These days, I walk past the newsstands the same way Jessica Lange famously walked past Lea Michele. That doesn’t mean I’m not privy to who’s on those covers, namely the fashion rags (as I call them these days). Staying true to my Scorpi-ho roots, I can be a masochist at times, thus the reason why I go to The Fashion Spot’s Cover Rumor Thread for a good, ol’ fashioned hate read. It’s a hate read knowing which uninspiring slag gets to front a fashion rag cover, as well as seeing some of the posters there speak highly of said uninspiring slag. (I’d post there myself and educate some of them, but I know I’m going to get into quite the argument when I encounter some of the site’s K-trash supporters (yep, they exist, sadly), so I figure I’d rather not waste my breath there.)
I used to enjoy reading fashion rags, when they were real magazines and not the rags they are today. The September issue of a fashion mag used to be a big fucking deal, and it was a bit of an honor for the woman who got the cover. When fashion mags started favoring actresses and singers for their covers (not just the September issues) over models, the influence and inspiration started to slide. The last September cover I’ve seen that wowed me was Interview’s September 2013 issue when they had eight top models from the past and present on each cover. Even if the photography of that issue was bleh, you can’t go wrong with Linda, Naomi, Christy, and Kate on the covers.
There has not been a decent September cover since that issue, and it sucks ass to see who’s getting them these days. Not only does this September have covers featuring a Toddler Face with as much appeal as dryer lint, the boyfriend of Toddler Face getting out-posed by the two models next to him (who also look like they could kick his ass), a perpetual whiner who really needs to STFU and fade into oblivion, and an award-winning messy ho who adores the K-trash. It’s only fitting that these kinds of covers coincide with how dubious and flaccid fashion (hell, almost all of pop culture) has become. There has been nothing memorable and awe-inspiring in current fashion (has there been a dress or outfit or fashion moment in the past five years that fashionistas will remember decades from now?), so, fittingly, the fashion rag covers and its cover “stars” must be cut from the same cloth. It’s odd that the big-name rags choose to cover pedestrian hos when there are some interesting names out there with some actual style and substance. There’s nothing in the world that can convince me that Toddler Face is as stylish as Nicole Kidman or Christy Turlington or even Bai Ling!!! And not that we don’t know that fashion rag covers these days are crud, but when other creative directors of fashion rags are snatching and cutting up the wigs of (Out of)Vogue, (Fucking)Bazaar, and (Not)InStyle, it’s proof positive that, well, I need to be running all the fashion rags.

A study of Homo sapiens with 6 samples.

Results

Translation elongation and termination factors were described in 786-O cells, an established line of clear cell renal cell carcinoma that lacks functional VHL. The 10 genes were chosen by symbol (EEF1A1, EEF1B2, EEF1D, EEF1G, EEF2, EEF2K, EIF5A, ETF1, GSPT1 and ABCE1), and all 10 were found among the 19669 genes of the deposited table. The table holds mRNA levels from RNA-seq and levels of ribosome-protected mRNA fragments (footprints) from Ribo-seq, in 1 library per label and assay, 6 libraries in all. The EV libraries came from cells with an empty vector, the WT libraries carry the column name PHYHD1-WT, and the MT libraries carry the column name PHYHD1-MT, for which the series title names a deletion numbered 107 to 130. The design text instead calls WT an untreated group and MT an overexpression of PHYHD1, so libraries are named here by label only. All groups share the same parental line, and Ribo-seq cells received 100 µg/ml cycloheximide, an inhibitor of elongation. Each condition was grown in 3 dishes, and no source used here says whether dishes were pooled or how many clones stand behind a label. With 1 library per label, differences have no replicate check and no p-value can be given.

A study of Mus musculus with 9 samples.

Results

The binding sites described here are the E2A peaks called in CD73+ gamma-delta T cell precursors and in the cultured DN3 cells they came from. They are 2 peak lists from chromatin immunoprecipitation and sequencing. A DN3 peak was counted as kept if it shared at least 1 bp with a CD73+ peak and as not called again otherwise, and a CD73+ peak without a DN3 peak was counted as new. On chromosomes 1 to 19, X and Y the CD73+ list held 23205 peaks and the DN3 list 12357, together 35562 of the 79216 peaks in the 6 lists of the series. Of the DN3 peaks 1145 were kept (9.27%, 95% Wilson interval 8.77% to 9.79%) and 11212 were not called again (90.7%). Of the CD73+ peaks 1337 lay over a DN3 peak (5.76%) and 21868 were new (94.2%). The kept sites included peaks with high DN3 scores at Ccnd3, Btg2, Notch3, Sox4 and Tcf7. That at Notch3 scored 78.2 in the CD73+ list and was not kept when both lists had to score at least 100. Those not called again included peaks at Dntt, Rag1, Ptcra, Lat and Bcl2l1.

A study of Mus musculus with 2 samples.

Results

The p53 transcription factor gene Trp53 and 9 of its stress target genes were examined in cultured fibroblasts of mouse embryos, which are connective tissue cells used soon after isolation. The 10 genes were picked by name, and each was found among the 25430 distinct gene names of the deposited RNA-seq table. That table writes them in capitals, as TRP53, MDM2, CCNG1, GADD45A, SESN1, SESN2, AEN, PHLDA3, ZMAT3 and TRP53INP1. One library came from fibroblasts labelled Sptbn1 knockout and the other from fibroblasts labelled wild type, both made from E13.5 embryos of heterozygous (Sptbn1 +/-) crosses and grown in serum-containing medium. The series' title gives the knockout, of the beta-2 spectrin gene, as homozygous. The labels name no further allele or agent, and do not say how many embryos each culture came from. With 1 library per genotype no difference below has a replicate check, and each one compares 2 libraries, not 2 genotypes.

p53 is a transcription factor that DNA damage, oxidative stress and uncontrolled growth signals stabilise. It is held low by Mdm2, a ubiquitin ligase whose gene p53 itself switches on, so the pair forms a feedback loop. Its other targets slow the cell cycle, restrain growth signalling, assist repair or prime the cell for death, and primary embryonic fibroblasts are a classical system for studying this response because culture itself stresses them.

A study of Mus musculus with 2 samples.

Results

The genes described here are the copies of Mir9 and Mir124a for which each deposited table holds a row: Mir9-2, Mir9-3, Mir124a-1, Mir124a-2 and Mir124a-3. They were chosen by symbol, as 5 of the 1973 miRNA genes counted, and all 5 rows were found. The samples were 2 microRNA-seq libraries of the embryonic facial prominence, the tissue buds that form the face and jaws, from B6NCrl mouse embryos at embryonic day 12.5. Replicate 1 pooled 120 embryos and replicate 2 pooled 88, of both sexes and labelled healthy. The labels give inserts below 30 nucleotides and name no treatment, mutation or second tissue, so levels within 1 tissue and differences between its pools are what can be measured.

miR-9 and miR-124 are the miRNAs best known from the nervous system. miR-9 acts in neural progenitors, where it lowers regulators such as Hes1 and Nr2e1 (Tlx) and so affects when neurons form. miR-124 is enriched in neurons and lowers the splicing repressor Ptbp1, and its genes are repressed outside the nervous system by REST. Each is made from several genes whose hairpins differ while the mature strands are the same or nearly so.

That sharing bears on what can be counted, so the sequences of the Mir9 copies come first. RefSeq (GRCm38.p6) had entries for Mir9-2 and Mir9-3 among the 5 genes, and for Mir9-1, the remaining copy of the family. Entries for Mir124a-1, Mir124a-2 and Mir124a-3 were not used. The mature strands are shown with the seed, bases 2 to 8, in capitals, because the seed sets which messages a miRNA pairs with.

Why me? Well, for one, I’d make the covers look amazing, like they once were…
When September covers showed fashion and didn’t tell a story (with their excessive cover headlines). So I must ask: what’s wrong with those looks on today’s covers? What’s wrong with a little simplicity and a decent model (not from the wasteland of Instagram) on the covers? Do editor-in-chiefs of the fashion rags think they know what the public wants (hell no), or are they all phoning it in (fuck yes)? Granted, overall magazine sales continue to decline year after year, but that doesn’t mean the EICs of the fashion rags should continue to be as mundane as Bella Hadon’t mug and keep churning out lackluster AF issues. If one of the big titles is looking to change course (though I’m not holding my breath for that), they could take a note or two from the magazine’s past, and keep their covers simple, stupid. No more resorting to polarizing cover subjects, an abundance of inane & overused cover lines, and the dreaded 100 pages of ads before I get to the Table of Contents page. (Oh, and no more mentions of ingrates people hate, like the K-trash, Bieber, Chump, Lena Dumpham, Fist Brown, etc. on and in the pages.) Who knows–it maybe the lifesaver to a sinking fashion magazine industry.